Global Workforce Bolsters U.S. Science

Vol. 304, Issue 5675, pp. 1211
DOI: 10.1126/science.304.5675.1211

Beginning in the 1930s and continuing through the 1950s, the United States gradually earned a dominant position in science and engineering. Those gains were made in part through the influx of foreign-born scientists from Europe, and later from the developing world, who were attracted by the extraordinary research universities and industrial research laboratories that had begun to develop at the end of the previous century. It was an exciting time of change for science. And the changes were not limited to the United States; they proved contagious, as intensified commitments to fundamental research followed in other parts of the world.

Recent news accounts have reported trends that point to a potential loss of “U.S. dominance” in science. Those accounts have often failed to recognize that during the 50-year period of global economic expansion we have witnessed, other countries have developed outstanding science training programs at all levels. Many now offer increasingly supportive environments for research, and they are earning an increasing percentage of the worldwide share of publications and patents. That's the good news about these readjustments in worldwide scientific leadership. But there are sources of concern as well, and these need attention.

First, those considering careers in science and engineering need to be given sufficient support as well as opportunities to pursue their interests. The American people, Congress, the president, and those responsible for science policy in the United States firmly believe that our leadership in science and technology is vital to the long-term welfare of the United States. In relative terms, the United States still outpaces the rest of the world in expenditures on research and development—but the gap is narrowing.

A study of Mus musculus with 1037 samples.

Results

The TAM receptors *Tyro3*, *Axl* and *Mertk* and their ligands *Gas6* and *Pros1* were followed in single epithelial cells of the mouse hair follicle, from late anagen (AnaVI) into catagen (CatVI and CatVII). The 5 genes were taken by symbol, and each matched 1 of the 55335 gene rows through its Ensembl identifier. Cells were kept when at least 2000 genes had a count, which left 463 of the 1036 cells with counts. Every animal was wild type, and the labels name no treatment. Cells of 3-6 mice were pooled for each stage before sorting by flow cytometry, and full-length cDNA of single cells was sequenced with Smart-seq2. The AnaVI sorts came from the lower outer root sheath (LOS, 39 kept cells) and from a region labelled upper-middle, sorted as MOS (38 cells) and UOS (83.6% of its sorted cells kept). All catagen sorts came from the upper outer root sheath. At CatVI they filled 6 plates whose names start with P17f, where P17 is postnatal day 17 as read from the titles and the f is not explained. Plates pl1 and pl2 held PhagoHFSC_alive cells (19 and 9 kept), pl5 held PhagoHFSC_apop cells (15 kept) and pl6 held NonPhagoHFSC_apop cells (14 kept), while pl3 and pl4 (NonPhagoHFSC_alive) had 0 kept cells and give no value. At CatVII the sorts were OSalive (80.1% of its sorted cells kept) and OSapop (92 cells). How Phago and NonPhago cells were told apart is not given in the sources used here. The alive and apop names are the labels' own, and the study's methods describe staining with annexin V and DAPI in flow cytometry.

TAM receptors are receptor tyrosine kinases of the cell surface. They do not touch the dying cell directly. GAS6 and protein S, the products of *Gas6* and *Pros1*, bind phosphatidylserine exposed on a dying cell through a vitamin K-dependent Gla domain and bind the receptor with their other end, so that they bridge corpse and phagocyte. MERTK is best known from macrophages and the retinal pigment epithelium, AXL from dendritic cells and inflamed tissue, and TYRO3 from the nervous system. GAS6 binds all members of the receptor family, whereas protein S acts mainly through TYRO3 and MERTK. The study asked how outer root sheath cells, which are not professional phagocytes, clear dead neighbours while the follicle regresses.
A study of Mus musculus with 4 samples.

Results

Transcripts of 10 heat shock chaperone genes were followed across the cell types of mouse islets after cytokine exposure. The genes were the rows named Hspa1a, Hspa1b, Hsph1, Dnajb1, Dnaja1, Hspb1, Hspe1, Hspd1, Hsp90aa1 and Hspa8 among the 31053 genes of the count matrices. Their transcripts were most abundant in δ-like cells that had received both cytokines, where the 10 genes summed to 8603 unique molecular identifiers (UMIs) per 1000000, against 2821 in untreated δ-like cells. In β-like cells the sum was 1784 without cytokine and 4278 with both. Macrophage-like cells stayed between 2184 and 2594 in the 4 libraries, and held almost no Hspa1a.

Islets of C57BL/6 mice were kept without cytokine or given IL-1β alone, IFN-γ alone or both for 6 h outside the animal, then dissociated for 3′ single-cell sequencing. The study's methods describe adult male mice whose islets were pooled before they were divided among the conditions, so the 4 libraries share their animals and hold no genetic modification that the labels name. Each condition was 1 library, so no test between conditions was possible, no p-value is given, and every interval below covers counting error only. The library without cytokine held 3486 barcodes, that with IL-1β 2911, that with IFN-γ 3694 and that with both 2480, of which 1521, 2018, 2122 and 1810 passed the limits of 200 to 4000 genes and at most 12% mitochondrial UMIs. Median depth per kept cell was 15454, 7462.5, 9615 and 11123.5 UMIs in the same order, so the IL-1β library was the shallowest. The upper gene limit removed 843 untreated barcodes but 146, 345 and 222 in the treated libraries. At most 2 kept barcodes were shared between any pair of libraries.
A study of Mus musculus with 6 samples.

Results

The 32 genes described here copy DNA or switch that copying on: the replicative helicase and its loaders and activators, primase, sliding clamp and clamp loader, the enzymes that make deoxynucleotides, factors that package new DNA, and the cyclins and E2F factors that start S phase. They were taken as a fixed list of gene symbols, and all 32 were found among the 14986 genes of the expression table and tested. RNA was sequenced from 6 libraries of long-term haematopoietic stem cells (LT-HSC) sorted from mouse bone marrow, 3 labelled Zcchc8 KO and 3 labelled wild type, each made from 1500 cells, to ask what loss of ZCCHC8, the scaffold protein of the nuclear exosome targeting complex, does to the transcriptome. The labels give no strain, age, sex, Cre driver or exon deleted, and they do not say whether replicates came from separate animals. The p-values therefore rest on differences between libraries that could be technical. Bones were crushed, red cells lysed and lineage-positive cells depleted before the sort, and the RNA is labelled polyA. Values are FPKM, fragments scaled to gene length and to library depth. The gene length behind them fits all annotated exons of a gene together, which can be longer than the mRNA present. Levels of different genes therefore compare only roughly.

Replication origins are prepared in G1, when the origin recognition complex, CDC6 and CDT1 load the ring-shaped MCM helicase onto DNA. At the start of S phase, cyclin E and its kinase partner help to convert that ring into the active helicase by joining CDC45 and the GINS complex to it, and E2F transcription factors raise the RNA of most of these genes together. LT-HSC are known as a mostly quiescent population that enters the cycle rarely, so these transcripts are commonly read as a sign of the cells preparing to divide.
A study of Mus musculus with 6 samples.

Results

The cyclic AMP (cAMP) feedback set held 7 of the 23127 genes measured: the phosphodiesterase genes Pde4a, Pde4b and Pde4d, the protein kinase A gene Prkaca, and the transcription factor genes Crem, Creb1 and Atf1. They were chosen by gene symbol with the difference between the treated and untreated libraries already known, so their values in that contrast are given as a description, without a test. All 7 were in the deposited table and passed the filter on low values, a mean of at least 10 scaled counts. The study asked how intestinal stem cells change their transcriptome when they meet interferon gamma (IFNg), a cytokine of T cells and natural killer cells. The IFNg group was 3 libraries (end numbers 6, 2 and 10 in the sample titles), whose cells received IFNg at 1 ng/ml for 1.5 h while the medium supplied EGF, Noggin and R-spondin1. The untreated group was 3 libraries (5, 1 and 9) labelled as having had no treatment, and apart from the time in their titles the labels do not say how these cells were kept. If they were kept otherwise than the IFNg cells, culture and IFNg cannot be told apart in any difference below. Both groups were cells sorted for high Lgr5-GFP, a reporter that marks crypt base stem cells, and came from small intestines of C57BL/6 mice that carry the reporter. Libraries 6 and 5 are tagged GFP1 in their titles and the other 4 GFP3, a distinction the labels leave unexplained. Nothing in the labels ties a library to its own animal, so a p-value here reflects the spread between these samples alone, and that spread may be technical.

Second, as a science policy-maker, I have become convinced that the supply of truly great scientists and engineers is, by its very nature, so limited that it is the scarcest of all strategic resources. Finding, nurturing, and unleashing the power of the best and brightest is the core challenge for scientific strategists in all countries. Borrowing from my early scientific roots in physics, I see this process as not unlike uranium enrichment: One must try to locate and extract that tiny, hard-to-separate fraction that makes the difference for reaching criticality. Really great scientific talent is not an easily produced commodity; its supply is finite in any system of education.

Third, there is concern about the negative impact that stringent new visa procedures, made necessary by security considerations, could have on the historical attractiveness of the United States as a home for science training. We are challenged here to choose between competing social goods—the health of scientific research and education on the one hand, and our national security on the other. Without sacrificing public safety, we need a system that can allow us to continue to attract the extraordinary young people from other nations who have supported and enriched our homegrown scientific power in the past. Some of them will stay and improve U.S. laboratories and faculties. Others will return to their own countries, increasing understanding in those countries of our science, cultural values, and good will. If we fail in this objective, we may suffer a long-term loss in our ability to help shape the global agenda for science.

I experienced, as a foreign-born scientist, the greatness of a uniquely receptive, open, and merit-based scientific system that is the envy of many of my colleagues around the world. As Goethe once wrote, “Science and art belong to the whole world, and the barriers of nationality vanish before them.” Clearly, the United States has been a world leader in practicing these principles for more than a century. It has reaped untold benefits while also assuming the risk of spending its national resources to provide exceptional opportunities to some of the best minds in the world, from here and abroad. Our record requires us to find ways to lessen the burden of legitimate security concerns on our ability to compete worldwide for the geniuses of tomorrow, while addressing the weaknesses of our own system for science and engineering education. I know that the president and his administration are keenly aware of these issues and are committed to work diligently toward appropriate solutions.